Determining Priorities for Research to Improve Fundamental Care on Hospital Wards

Ball et al. (2016) full text summary PDF

For which topic were research priorities identified?

fundamental care

In which location was the research priority setting conducted?

Europe - United Kingdom

Why was it conducted at all?

The provision of high quality fundamental care in hospitals is a top priority for the NHS. Recent reports and investigations highlight that at times care has fallen below standard. It is unclear what research should be prioritised to improve care.

What was the objective?

to involve patients/carers/public, clinicians and other stakeholders to identify issues that are priorities for research which could improve fundamental care in hospital

What was the outcome?

a ranking list of 15 research topics

How long did the research prioritization take?

No information provided.

Which methods were used to identify research priorities?

focus group; interview; survey; workshop

How were the priorities for research identified exactly?

Step 1: creating a theoretical framework by identifying and defining fundamental care. Step 2: survey and interviews. Interview with the guiding questions: How can we improve care on hospital wards? What do you see as the main issues in fundamental care?, participants were asked what they saw as the main issues in fundamental care, asking for examples of good and poor care (and what differentiates the two), and about what issues should be prioritized for research to help improve care on hospital wards. Survey: containing list of 14 care activities based on literature review in Step 1, participants were asked to indicate to what extent they considered 14 different care activities to be a priority for research. Step 3: data processing: data analysis of interviews and surveys: 76 emerging themes with 178 sub-topics. Step 4: longlist created: based on frequencies of topics mentioned in interviews to identify the most frequently recurring themes, and based on survey results to identify which were most highly prioritized-overall and by patient/public participants in contrast to staff participants, longlist of 39 research areas compiled, longlist further reduced to 15 research areas by research team. Step 5: workshop: to identify the relative priority of the 15 shortlisted topics and to identify the top 5 research topics, small group discussions using nominal group technique, voting: 10 votes: 3 dots once to allocate to their most important topic, 2 dots once for their second most important topic, and each of the remaining five dots could be distributed singularly elsewhere, small group discussions on six highest-ranking topics, discussion on how the topic could be developed into a research question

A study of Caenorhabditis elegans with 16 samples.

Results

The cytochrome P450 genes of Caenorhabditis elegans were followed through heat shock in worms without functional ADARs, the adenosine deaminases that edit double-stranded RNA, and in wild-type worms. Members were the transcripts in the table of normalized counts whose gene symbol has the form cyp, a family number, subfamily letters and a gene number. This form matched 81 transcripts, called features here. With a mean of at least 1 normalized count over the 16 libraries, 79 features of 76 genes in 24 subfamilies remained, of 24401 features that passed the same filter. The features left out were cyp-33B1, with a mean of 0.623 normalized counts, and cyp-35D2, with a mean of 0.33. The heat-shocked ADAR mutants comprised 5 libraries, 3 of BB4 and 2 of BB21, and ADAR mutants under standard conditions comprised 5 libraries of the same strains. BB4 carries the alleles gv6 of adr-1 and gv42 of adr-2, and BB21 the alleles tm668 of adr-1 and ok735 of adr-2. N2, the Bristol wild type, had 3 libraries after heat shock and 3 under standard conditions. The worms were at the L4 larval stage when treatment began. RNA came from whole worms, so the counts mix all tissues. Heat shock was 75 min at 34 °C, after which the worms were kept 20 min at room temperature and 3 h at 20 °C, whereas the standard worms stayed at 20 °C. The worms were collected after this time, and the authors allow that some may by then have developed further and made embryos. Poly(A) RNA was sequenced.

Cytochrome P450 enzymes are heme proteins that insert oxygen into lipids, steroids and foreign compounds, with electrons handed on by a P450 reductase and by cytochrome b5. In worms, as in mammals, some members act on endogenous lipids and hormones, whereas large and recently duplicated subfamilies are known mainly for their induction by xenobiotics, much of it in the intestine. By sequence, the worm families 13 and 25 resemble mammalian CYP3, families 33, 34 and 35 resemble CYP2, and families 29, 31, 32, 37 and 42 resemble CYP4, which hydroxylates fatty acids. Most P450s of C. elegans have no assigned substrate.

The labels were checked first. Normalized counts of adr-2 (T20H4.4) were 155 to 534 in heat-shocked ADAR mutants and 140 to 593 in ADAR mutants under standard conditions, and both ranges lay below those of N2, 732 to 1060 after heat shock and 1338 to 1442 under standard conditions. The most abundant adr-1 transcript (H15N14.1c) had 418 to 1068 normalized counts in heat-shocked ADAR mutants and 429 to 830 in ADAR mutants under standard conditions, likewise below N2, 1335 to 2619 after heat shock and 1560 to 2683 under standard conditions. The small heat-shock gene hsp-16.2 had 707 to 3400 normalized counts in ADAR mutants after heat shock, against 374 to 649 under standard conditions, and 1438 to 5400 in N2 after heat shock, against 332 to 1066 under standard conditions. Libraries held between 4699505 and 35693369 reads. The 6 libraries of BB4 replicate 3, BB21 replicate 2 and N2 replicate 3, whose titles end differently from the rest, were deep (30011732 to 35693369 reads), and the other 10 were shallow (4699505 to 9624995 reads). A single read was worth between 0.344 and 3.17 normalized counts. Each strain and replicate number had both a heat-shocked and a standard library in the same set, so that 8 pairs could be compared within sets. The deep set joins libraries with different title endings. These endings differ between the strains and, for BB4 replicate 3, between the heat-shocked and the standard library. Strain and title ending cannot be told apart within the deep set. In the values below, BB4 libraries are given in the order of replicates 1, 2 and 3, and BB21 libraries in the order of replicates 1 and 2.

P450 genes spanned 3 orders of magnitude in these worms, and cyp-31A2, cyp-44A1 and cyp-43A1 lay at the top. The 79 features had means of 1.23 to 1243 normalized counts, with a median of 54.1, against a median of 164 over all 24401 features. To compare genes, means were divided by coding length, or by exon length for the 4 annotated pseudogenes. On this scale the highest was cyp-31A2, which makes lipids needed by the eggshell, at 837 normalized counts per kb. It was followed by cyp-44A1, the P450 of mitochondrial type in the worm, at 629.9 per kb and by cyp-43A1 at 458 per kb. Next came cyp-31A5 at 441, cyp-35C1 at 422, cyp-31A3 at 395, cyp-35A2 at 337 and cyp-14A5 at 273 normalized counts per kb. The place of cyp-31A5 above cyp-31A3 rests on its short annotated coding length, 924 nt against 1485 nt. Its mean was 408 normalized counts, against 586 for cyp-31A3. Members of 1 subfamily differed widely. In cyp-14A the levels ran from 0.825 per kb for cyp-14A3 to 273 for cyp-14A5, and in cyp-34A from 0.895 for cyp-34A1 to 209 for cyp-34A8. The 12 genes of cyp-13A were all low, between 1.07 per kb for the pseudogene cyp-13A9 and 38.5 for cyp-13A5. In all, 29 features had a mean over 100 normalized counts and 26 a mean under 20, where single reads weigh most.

Which stakeholders took part?

Survey: members of the public, patients, and carers (29% of participants), registered nurses (30%), other staff (22%), students (7%), educators/researchers (6%) and others (6%). Interviews: 97 participants (members of the public, patients, carers and a mix of staff). Workshop: 39 participants: 23 patients and members of the public, 16 staff members.

How were stakeholders recruited?

The PPI lead generated a matrix identifying potential contacts across the three geographic areas covered by CLAHRC Wessex, for the following groups: minority ethnic groups (including asylum seekers and refugees), frail elderly people, people with sensory and physical disabilities, people living with long term conditions, people with learning disabilities, and people with dementia. People from these groups in at least one area were invited to take part in the consultation either through the survey or if this was not feasible (for example, for people with dementia), visits were arranged in order for the Patient Leader and PPI Lead to discuss recent hospital experiences and priorities in an accessible way.

Were stakeholders actively involved or did they just participate?

Stakeholders were mere participants of the research prioritization process; they were not actively involved in the process.